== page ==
The William Jefferson Chronicles

William Jefferson asks for new trial on corruption conviction
by Bruce Alpert, The Times-Picayune
Wednesday August 12, 2009, 2:18 PM

WASHINGTON -- William Jefferson's attorneys filed a motion today asking Judge T.S. Ellis III for a new trial for the former New Orleans congressman who was convicted last week on 11 of 16 public corruption charges.

The request is unlikely to be successful, but could prompt the court to release material dealing with Lori Mody, the former Virginia businesswoman who wore a wire to secretly record conversations with Jefferson but did not appear as a witness at his trial.

A jury found Jefferson guilty on 11 counts and acquitted him on five others after seven weeks of testimony and five days of deliberation. Ellis has scheduled sentencing for Oct. 30. Lead Prosecutor Mark Lytle said sentencing guidelines, which are optional, are likely to call for Jefferson, 62, to spend 20 years in prison, though his lawyers are sure to ask for a far less severe term.

Only one paragraph of Wednesday's defense team filing was made public. In it, the lawyers ask "for a new trial," saying that the request "relies upon the points and authorities set forth in the memorandum separately filed and served under seal pursuant to court orders dated June 29, 2008 and Aug. 8, 2009."

Prosecutors declined to comment.

Just before jury selection, prosecutors revealed that Mody would not appear as a government witness, at the same time filing of documents, sealed by Ellis, which presumably provided at least a partial explanation on why she was not testifying. Ellis has said he'll strongly consider releasing all the material, but first wants to hear any objections from prosecutors.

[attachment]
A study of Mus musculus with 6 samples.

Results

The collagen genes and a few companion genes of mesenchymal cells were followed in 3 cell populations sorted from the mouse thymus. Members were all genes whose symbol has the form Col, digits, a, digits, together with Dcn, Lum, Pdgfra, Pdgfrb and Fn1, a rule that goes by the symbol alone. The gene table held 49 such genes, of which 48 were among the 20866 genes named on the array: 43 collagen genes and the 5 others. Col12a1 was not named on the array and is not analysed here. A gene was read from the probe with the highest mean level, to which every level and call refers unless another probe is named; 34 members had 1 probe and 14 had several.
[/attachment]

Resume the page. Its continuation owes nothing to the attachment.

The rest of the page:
During his opening statement to the jury, lead prosecutor Mark Lytle told jurors that they would be receiving the "best kind of evidence," tape-recorded conversations in which Jefferson pursued what Lytle said was an illegal effort to secure bribes for family-owned businesses in return for his efforts to promote business deals in Western Africa.

Jefferson's lawyers said the tapes showed that Mody, under FBI coaching, coaxed Jefferson to take a larger share in her company and to provide a bribe to the then vice president of Nigeria, Atiku Abubakar.

Jefferson's lead attorney, Robert Trout, told the jury that the former congressman did "something stupid" by taking $100,000 from Mody, to pay off the Nigerian vice president, but never had any intention of doing so. All but $10,000 was found in the freezer of Jefferson's Washington D.C. home. The rest of the money was accounted for.

Legal experts predicted that Jefferson's motion for a new trial will almost certainly fail.

"Such post-verdict motions are routinely filed and just as routinely denied," said Dane Ciolino, a Loyola University law professor. "This is simply the first step in the funerary procession toward sentencing."

Harry Rosenberg, a former federal prosecutor in New Orleans now in private practice, said the filing of requests for new trials is considered almost obligatory by many attorneys.

"It is the ultimate long shot that the court will grant a motion for a new trial, particularly because Judge Ellis would have to void the jury's verdict and basically reverse himself as to earlier rulings if the motion turns on the Mody issues," Rosenberg said.

Jefferson was found guilty of bribery, conspiracy, racketeering and honest services fraud, but acquitted of the charge related to the money in the freezer, for which the case is best known.

Prosecutors said the money Jefferson ran out of time to deliver the money when the FBI raided his New Orleans and Washington homes in August, 2005, a little more than three weeks before Hurricane Katrina struck.

But the jury apparently didn't buy the prosecution's argument.

Bruce Alpert can be reached at or 202.383.7861.